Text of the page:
A couple comments
I don't disagree with the editorial disclaimers, but since I'm just doing some relative measurements I believe my conclusions, although there is some uncertainty.
One thing I don't like is that I measured in my office and the temperature inside the insulation was not typical of skin temperature (90 F). I may repeat this outside under the night sky with 90 F "skin" temperature and outside temperatures around freezing. This especially affects the IR heat loss - my data is just a hint of what might be happening.
In my opinion, it's too difficult to include humidity, but I would like to measure insulation that's wet - have to have skin temperature that's 90 F and outside btemperature about freezing.
You like your down better because, like Roger said, the clo/oz/yd2 is smaller - less weight for the same warmth.
And as far as having the fewest number of layers, I know this goes against the conventional wisdom, but it's just that extra layers have extra facing fabric which weighs a few ounces but contributes little to warmth. Yeah, more layers is more flexible. I have used just three layers - base, insulation, and rain jacket - for years in the Pacific Northwest in the winter where it rains a lot and down to 20 F. If you add an extra layer, it only adds a few ounces, so that can work good too. I give a few numbers so we can talk about this quantitatively.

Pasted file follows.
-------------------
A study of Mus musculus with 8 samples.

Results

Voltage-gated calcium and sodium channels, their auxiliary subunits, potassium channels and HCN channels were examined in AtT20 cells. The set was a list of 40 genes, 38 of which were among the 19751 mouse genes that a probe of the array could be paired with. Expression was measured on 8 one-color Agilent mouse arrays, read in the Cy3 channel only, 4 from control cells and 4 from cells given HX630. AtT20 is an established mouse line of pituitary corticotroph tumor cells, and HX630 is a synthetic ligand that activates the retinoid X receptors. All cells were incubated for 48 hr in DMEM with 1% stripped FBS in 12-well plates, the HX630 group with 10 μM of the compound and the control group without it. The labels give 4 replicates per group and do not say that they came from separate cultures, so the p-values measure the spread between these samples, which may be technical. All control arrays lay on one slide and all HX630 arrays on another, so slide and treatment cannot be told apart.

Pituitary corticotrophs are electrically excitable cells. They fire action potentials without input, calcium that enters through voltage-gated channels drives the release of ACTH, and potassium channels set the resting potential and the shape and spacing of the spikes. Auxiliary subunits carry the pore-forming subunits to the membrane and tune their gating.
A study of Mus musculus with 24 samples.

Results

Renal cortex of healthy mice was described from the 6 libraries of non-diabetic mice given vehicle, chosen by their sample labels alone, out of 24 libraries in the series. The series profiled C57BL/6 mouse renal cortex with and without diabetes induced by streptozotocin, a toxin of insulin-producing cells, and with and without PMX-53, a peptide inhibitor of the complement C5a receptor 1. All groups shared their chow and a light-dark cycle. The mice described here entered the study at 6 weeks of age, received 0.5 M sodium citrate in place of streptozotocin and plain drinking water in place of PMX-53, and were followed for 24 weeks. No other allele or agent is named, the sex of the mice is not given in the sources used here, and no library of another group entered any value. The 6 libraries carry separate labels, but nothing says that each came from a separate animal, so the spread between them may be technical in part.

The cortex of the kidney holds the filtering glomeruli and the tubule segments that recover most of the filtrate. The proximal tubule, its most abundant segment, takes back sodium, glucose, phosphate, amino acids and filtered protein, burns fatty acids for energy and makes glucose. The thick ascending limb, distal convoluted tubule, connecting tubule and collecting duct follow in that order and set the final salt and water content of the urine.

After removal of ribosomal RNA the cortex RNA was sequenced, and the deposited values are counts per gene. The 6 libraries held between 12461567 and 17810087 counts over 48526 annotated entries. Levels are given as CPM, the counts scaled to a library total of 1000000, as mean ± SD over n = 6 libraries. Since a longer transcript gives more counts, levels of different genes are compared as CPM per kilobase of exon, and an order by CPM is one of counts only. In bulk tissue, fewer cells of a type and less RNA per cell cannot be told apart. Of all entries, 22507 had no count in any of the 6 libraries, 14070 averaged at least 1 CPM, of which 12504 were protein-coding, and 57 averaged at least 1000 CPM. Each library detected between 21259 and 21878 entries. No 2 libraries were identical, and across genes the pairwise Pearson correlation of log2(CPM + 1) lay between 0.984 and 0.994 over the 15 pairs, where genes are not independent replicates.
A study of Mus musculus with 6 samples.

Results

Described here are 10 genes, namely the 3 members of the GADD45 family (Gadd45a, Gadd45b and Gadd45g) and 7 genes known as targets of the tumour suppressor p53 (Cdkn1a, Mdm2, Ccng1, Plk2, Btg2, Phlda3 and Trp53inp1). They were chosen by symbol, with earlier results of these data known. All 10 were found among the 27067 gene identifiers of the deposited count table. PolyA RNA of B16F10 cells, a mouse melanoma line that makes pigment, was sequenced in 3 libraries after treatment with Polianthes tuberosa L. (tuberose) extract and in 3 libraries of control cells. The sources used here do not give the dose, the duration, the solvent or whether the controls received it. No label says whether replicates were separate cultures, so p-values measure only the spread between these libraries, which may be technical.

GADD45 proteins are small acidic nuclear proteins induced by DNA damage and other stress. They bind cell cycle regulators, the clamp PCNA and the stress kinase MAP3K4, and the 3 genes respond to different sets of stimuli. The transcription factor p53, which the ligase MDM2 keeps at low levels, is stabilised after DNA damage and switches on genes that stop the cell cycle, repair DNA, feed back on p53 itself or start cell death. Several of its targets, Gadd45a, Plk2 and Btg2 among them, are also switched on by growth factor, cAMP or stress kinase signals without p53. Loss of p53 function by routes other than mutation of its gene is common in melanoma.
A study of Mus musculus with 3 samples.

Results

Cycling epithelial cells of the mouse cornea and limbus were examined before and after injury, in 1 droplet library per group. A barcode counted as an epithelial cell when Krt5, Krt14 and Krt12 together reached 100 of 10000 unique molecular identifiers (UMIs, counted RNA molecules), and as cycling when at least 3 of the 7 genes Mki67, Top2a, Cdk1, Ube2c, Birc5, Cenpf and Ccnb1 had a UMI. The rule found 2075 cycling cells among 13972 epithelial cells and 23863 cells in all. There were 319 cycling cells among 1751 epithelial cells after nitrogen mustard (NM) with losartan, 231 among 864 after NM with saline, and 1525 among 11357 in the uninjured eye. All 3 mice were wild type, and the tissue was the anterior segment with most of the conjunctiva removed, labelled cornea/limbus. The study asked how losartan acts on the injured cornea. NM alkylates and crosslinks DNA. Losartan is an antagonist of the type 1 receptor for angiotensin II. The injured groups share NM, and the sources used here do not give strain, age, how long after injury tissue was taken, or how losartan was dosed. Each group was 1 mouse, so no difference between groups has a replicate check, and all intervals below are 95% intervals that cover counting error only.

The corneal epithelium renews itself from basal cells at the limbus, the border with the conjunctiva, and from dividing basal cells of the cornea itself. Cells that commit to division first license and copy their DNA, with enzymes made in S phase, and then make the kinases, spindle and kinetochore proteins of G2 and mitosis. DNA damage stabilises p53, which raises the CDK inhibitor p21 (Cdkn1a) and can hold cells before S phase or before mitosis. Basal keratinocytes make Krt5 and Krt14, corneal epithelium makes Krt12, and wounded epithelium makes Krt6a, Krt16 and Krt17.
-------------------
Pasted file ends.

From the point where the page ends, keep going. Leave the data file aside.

One thing that really bothers me is that I disagree with Roger and Richard Nisely about overstuffing down, because they are more expert on this subject than I am. They say adding down increases warmth even if it doesn't increase loft. I have repeated this measurement multiple times and come to approximately the same result. Someone recently posted the link http://www.backpackinglight.com/cgi-bin/backpackinglight/forums/thread_display.html?forum_thread_id=12505&startat=20. On page 2, there's a plot of "The effect of down density in a fixed baffle size on the insulation value of sleeping bags". On the left side, there's a clo of 4.4 for 16 ounces of down = 0.275 clo/oz. On the right - 5.73 clo for 28 ounces = 0.2075 clo/oz. So, for a 75% overfill, the clo/oz decreased by about 25%. This is pretty close to my data - for a 82% overfill, the clo/oz decreases by the same amount, 25%.
What difference does this make? If I'm making a down garment, overstuffing by a little, like 10%, will make sure all the baffles are completely filled, but if I overstuff by a large amount, like 100%, then I've lost the advantage of down over synthetic, but I think the down will be much worse if it gets wet.